COMMENT: Independence brought massive  transformation in education sector President Mnangagwa lights the Independence Flame at Uhera Stadium, Murambinda B High School in Buhera, during the 44th Independence Day Celebrations yesterday. — Picture: Believe Nyakudjara

Patrick Chitumba, [email protected]

INDEPENDENCE has brought massive transformation in the education sector which is equipping Zimbabweans to become masters of their destiny from primary and secondary level as the Government is constructing more schools across the country.

As the country recently celebrated 44 years of independence, the director of communications and advocacy in the Ministry of Primary and Secondary Education (MoPSE), Mr Taungana Ndoro said:

“As the MoPSE, we are pleased with the milestones we have achieved over the last 44 years and more so during the Second Republic wherein last year we boasted of 10 517 schools but right now we have 10  681 schools,” he said.

Mr Ndoro said there are 7 507 Primary Schools and 3 174 Secondary Schools across the country.

“From 2023 to date, 164 schools have been registered just to indicate some of the measures that have been put in place by the Second Republic to ensure the availability of schools for learners leaving no one and no place behind,” he said.

Mr Ndoro added that some significant milestones recorded in the education sector in Zimbabwe over the last 44 years include the following milestones: Independence and Education Expansion (1980).

“Following Zimbabwe’s independence in 1980, the Government placed a strong emphasis on education.

The Ministry of Education was established and efforts were made to expand access to education for all citizens, particularly in rural areas,” he said.

Mr Ndoro said under the Universal Primary Education (1994), the Government introduced the Universal Primary Education (UPE) policy in 1994, aiming to provide free primary education for all children in Zimbabwe.

He said the policy significantly increased enrolment rates and access to education.

Mr Ndoro said in the early 2000s, Zimbabwe implemented major curriculum reforms, including the introduction of a new curriculum framework.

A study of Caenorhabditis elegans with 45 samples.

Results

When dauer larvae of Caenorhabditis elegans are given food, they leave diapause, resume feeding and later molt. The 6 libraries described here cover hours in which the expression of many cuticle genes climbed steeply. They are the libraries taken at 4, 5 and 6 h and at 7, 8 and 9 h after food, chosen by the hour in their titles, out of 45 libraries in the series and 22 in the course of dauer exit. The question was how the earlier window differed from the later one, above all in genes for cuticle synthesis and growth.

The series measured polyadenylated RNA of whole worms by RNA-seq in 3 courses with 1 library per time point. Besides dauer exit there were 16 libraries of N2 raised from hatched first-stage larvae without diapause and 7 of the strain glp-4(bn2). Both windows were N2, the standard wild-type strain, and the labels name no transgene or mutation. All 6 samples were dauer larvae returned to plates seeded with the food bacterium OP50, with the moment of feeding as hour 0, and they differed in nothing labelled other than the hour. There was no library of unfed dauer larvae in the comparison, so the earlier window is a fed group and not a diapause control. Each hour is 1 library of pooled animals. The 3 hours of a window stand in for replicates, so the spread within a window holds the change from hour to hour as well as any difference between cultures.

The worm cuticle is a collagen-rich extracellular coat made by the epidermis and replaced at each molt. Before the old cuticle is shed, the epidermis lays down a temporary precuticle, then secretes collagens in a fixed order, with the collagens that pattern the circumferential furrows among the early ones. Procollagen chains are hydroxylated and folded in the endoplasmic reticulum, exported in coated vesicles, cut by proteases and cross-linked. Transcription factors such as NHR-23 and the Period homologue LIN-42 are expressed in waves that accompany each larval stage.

“These reforms aimed to enhance the quality and relevance of education, promote critical thinking skills and align education with national development goals. In 2015 we introduced the Competence-Based Curriculum which focused on Science, Technology, Engineering and Mathematics (STEM) and now in 2024 we have the Heritage-based Curriculum which is an educational approach that aims to integrate culture and heritage into the teaching and learning process. It was introduced by the Ministry of Primary and Secondary Education as a way to preserve and promote Zimbabwe’s rich cultural heritage among pupils. This curriculum seeks to foster a sense of identity, pride and appreciation for Zimbabwean history, traditions and indigenous knowledge,” he explained.

Another milestone, Mr Ndoro said, is the Education for All (EFA) Goals (2000) where Zimbabwe committed to achieving the EFA goals, which included improving access to quality education, promoting gender equality and enhancing adult literacy rates.

“We also have Teacher Training and Professional Development where efforts were made to strengthen teacher training and professional development programmes. Teacher training institutions were established, and ongoing training opportunities were provided to enhance teachers’ skills and knowledge,” he said.

Mr Ndoro noted that STEM was also a great milestone in recent years, where the Government placed increased emphasis on promoting skills in the relevant areas.

“This includes the establishment of specialised STEM schools and the integration of STEM subjects into the curriculum. More recently, the Ministry of Primary and Secondary Education has also established fully-fledged technical high schools which are educational institutions that focus on providing pupils with practical skills and knowledge in various technical fields,” he said.

Mr Ndoro said the schools aimed to equip pupils with the necessary skills to pursue careers in industries such as engineering, technology and vocational trades.

He added that the technical high schools aim to prepare pupils for both employment opportunities and entrepreneurship by providing them with practical skills and knowledge in specific technical fields.

By offering specialised technical education, Mr Ndoro said, these schools contribute to the development of a skilled workforce in Zimbabwe.

“Another milestone is investment in infrastructure where the Government has invested in infrastructure development, including the construction and renovation of schools, classrooms, laboratories and libraries to improve learning environments and facilities,” he said.

As MoPSE, Mr Ndoro said they have education for children with special needs, including the establishment of special schools and inclusive education initiatives.

“In conclusion we have also introduced digital learning initiatives such as the provision of computers, internet connectivity and e-learning platforms to enhance educational access and technological literacy as we envisage to become a prosperous and empowered middle-income economy by the year 2030,” he said.